Children’s Gardening

Children’s Gardening

Affordable and fun, gardening is an excellent way for families to spend time together. Children adore being outdoors, sharing precious time with their parents or grandparents, and there is plenty to engage them in the garden. Even smaller ones can be given their own special children’s gardening set and get involved digging the dirt and spotting insects, while older kids often enjoy planning their own patch of earth and the edibles or flowers they’d like to cultivate.

 

We’ve put together five inspiring activities that are perfect for educating and entertaining children in the garden.

 

  1. Planting seeds

Planting seeds can be a fiddly business, so choose larger varieties like sunflowers, sweet peas and marigolds. It’s also worth investing in a set of children’s gardening tools, which are specifically designed for smaller hands. If you don’t have a lot of space, raised planters, boxes or pots are ideal.

 

  1. Learning about insects

Children’s gardening should be about getting down to the nitty-gritty. Studying bugs and their habitats is endlessly fascinating, so arm yourselves with collecting jars and a magnifying glass and get out there! Butterflies hold particular appeal with their brightly coloured, fast-moving wings. Why not create a raised bed of the wild flowers that attract British butterflies to make sure there’s plenty for the little ones to see?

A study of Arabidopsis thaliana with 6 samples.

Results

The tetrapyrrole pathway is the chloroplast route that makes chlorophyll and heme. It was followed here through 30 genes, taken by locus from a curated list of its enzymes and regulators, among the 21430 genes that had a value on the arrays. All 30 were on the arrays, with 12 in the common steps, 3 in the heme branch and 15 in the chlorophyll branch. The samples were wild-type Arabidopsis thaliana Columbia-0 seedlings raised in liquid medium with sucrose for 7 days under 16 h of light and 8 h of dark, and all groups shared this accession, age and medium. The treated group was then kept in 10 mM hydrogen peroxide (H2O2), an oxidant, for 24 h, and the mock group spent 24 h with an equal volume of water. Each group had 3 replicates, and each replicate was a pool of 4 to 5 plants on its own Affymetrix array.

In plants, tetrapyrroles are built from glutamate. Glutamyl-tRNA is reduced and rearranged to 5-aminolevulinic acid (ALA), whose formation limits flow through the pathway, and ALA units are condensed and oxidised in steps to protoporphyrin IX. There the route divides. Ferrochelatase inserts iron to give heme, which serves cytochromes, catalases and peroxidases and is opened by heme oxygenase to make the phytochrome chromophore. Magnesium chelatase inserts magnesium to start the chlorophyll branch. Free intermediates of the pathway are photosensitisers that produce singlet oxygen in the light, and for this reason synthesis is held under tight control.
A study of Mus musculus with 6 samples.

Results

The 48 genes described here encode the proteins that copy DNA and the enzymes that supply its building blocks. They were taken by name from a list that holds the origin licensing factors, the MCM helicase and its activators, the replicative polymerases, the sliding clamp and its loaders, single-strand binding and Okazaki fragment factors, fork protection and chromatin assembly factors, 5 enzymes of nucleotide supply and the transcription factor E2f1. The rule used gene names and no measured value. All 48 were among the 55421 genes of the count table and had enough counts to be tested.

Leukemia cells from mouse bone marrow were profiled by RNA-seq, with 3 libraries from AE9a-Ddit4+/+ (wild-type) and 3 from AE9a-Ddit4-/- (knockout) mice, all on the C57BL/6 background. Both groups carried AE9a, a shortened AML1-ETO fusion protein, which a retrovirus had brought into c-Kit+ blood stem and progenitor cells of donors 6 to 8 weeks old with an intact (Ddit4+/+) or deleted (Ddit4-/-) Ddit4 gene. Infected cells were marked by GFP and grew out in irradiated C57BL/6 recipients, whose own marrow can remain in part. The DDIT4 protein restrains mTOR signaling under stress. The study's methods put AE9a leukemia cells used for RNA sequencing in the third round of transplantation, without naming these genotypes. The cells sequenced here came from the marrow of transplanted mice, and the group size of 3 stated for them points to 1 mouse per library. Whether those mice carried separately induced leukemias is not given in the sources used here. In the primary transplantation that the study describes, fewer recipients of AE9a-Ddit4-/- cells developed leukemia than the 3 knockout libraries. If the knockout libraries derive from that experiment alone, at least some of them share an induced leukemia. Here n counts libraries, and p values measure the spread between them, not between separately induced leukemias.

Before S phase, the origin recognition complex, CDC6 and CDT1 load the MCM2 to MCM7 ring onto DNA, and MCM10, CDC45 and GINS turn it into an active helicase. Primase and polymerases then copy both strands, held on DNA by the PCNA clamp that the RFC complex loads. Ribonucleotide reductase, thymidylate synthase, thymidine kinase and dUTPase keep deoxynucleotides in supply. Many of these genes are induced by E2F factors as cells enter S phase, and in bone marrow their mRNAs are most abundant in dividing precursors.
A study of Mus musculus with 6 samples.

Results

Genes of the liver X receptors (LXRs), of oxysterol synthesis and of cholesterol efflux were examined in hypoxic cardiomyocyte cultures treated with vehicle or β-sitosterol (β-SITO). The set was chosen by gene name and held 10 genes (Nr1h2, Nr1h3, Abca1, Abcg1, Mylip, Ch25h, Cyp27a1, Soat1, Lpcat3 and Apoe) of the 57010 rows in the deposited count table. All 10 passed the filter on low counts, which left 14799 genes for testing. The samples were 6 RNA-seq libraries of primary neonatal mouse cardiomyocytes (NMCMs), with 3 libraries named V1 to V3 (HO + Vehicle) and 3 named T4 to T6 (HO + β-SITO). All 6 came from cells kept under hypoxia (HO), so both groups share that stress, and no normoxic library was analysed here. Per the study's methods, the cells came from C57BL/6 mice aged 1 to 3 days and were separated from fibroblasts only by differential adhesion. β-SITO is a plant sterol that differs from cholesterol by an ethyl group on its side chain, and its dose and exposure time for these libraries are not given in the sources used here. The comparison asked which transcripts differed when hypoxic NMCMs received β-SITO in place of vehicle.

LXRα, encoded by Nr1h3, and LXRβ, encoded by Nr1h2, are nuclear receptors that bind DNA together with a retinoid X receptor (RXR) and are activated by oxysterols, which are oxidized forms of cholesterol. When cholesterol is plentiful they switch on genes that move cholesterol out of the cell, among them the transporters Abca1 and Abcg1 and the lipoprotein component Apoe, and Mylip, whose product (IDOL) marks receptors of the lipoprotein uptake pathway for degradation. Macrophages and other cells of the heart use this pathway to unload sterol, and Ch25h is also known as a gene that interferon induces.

1. Growing fruit and vegetables

Fast-growing fruits and vegetables are best for young gardeners, especially those they’ve already tried and liked. Consider planting radishes, lettuces or carrots. Courgettes, which have a wonderful giant flower top, are also a good choice. Most children have a sweet tooth so fruits are always popular. Strawberries are an easy choice but look out for the slugs and snails! The best bit is the harvest so make sure you wait until the kids are around before gathering the crop.

 

  1. Caring for wildlife

Most children love birds and animals so the creatures living in your garden are a great way to get them involved. Set up a birdhouse and make a record of the species that come to visit each season. Or, if you’re feeling more adventurous, how about a bat box or beehive?

 

  1. Making compost

Armed with children’s gardening gloves, aprons and a love of getting extremely dirty, all kids will enjoy making compost. It’s also a great way to teach them about recycling, new growth and decay. Get them into the habit of collecting compostable kitchen and garden waste in a bin. With a little soil added, the mulch will soon be ready to feed your garden and its plants. To make things even more yucky (and fun!), why not make a wormery and teach the children how these tiny animals will help to break down the organic matter they’ve collected?

 

Once you get started and ignite that green fingered spark in your little ones, you’ll soon find that the garden is an endless source of fun and inspiration.